Scientists have developed a new gene therapy that can reverse vision loss in primates, potentially laying the groundwork for treatments in humans as well.
Last month, a team of scientists from Harvard Medical School and biotech company Life Biosciences announced preclinical data showing that a new approach was able to reprogram genetic markers to restore visual function in primates that had their eyes damaged with lasers.
In essence, the team injected their eyes with special chemicals that can partially reprogram cells to have them return to a more youthful state — a decidedly "Blade Runner" approach to vision restoration, if it's born out by future research.
The study involved ten primates, six of which were treated with the new gene therapy, while four had a control solution injected into their eyes. The eyes of the primates that received the treatment over five weeks ended up responding much better to light stimulation. The health of their eyes' nerve fibers improved significantly as well, signs that are consistent with the restoration of vision.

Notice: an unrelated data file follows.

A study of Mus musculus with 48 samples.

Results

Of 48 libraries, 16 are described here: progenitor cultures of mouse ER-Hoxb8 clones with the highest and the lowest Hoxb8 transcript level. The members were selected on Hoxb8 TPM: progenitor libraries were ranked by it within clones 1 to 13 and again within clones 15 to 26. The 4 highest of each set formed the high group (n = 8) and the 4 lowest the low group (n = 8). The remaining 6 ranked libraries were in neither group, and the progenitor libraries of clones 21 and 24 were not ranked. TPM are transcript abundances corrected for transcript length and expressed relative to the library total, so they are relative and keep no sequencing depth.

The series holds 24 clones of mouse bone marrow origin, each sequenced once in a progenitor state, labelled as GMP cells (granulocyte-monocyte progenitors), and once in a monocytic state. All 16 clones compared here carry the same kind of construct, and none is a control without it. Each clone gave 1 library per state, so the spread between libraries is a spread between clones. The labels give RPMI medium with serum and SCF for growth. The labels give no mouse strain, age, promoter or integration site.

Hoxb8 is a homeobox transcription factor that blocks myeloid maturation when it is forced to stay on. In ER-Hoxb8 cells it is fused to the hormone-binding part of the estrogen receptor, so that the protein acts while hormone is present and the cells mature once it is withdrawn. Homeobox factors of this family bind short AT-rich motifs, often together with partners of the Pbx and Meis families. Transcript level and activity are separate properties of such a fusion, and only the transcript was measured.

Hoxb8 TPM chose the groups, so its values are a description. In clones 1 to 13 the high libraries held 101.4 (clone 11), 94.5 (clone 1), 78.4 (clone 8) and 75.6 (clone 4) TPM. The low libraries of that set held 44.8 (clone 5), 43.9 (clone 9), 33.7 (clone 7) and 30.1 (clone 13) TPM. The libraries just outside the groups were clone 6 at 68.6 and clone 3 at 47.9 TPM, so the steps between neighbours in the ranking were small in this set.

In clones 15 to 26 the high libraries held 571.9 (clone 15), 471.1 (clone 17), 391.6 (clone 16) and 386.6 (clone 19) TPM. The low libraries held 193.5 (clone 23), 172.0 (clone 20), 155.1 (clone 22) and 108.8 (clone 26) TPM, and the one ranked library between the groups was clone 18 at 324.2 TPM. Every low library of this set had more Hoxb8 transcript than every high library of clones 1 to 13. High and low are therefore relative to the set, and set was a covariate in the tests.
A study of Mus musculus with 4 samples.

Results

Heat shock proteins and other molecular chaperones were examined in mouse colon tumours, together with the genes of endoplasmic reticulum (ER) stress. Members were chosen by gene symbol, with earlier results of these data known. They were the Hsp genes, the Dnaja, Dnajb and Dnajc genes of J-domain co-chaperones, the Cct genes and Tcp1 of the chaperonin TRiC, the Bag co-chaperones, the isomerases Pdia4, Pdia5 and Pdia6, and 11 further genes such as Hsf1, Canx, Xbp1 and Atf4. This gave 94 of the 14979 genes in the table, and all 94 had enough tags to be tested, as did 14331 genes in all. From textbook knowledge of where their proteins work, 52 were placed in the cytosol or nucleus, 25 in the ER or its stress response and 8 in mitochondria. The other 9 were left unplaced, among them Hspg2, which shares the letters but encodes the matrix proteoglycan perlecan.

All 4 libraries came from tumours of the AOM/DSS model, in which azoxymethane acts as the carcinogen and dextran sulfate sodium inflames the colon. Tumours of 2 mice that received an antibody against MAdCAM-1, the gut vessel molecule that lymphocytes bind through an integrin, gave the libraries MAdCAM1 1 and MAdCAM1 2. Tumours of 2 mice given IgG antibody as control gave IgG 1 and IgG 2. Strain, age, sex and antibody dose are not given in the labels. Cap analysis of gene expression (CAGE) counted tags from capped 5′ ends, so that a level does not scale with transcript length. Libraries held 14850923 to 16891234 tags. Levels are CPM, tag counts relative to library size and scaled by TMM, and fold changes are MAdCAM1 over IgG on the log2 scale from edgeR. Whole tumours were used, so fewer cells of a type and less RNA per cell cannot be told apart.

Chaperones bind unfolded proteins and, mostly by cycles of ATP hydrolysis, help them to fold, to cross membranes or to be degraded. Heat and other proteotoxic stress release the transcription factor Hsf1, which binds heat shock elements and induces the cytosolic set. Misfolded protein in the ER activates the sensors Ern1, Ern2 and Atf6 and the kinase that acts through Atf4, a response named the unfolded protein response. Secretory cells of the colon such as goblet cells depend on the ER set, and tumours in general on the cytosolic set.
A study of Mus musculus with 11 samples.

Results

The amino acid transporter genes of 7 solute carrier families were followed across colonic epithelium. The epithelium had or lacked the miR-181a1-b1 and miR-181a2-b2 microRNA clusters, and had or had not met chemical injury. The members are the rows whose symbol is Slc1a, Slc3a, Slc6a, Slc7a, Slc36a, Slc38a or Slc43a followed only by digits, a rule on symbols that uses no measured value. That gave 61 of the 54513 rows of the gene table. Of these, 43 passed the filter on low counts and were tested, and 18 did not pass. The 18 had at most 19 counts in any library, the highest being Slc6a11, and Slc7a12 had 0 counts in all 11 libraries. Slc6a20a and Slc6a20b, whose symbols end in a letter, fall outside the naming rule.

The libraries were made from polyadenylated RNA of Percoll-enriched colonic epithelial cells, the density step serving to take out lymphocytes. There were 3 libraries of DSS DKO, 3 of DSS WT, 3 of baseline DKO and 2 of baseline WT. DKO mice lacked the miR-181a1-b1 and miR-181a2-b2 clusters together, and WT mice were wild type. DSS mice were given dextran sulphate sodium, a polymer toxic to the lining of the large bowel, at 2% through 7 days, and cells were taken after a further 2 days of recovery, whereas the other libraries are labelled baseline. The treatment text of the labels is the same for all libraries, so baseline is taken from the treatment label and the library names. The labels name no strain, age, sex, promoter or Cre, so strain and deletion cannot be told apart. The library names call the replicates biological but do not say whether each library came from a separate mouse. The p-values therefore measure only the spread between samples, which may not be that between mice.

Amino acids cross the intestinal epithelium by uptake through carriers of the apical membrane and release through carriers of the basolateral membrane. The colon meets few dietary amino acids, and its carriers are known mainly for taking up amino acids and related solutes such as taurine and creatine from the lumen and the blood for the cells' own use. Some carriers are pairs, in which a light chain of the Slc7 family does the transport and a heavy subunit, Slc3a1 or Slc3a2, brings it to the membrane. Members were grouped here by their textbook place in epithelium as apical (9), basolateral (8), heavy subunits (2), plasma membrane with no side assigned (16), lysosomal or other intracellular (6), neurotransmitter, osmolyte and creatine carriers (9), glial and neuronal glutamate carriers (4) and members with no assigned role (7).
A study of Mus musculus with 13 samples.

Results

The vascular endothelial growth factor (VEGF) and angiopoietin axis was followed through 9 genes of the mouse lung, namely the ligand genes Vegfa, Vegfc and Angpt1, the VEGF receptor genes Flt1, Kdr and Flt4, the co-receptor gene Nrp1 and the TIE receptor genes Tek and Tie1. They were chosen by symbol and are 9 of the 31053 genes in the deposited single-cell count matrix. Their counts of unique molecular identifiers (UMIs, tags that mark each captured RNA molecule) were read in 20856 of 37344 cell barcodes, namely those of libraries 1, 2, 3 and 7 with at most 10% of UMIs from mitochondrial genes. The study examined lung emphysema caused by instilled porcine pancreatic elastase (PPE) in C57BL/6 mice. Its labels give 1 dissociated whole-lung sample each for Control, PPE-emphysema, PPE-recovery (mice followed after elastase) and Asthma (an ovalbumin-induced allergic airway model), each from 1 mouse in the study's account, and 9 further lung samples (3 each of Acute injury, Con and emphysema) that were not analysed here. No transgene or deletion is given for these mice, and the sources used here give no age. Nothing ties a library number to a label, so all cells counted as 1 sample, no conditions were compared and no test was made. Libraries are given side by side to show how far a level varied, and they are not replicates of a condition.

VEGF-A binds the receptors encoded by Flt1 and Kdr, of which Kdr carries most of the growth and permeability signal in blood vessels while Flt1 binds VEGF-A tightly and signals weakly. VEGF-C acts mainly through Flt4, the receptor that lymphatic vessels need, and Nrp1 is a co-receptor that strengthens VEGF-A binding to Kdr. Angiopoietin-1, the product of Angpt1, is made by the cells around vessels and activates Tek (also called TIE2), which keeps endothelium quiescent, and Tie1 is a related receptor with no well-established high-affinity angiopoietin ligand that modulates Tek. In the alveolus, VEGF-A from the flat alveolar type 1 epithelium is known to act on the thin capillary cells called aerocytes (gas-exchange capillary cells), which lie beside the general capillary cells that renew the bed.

The overall goal was to address a specific eye disorder called non-arteritic anterior ischemic optic neuropathy (NAION), which is essentially the equivalent of a stroke but for the eye, and which results in a sudden loss of vision.
"NAION is the most common cause of acute optic neuropathy in people over 50, but currently has no effective treatment," said Bruce Ksander, study co-lead and associate professor of ophthalmology at Harvard, in a press release, adding that the new therapy "can lead to significant recovery in affected visual function in a [primate] model of NAION."
"That potential unlocks new opportunities for cellular rejuvenation, not just in NAION but in other ophthalmic diseases that occur as a result of retinal ganglion cell dysfunction as we age," he added.
While we're still a long way from establishing whether a similar technique can be effective in humans — besides, the researchers' results have yet to be published and peer-reviewed — it's a hopeful first step.
"This approach has implications far beyond NAION and even the vision field, and we are pleased to share data that support the continued development of our scientific platform to address diseases of aging and restore human health," said Sharon Rosenzweig-Lipson, chief scientific officer of Life Biosciences, in the statement.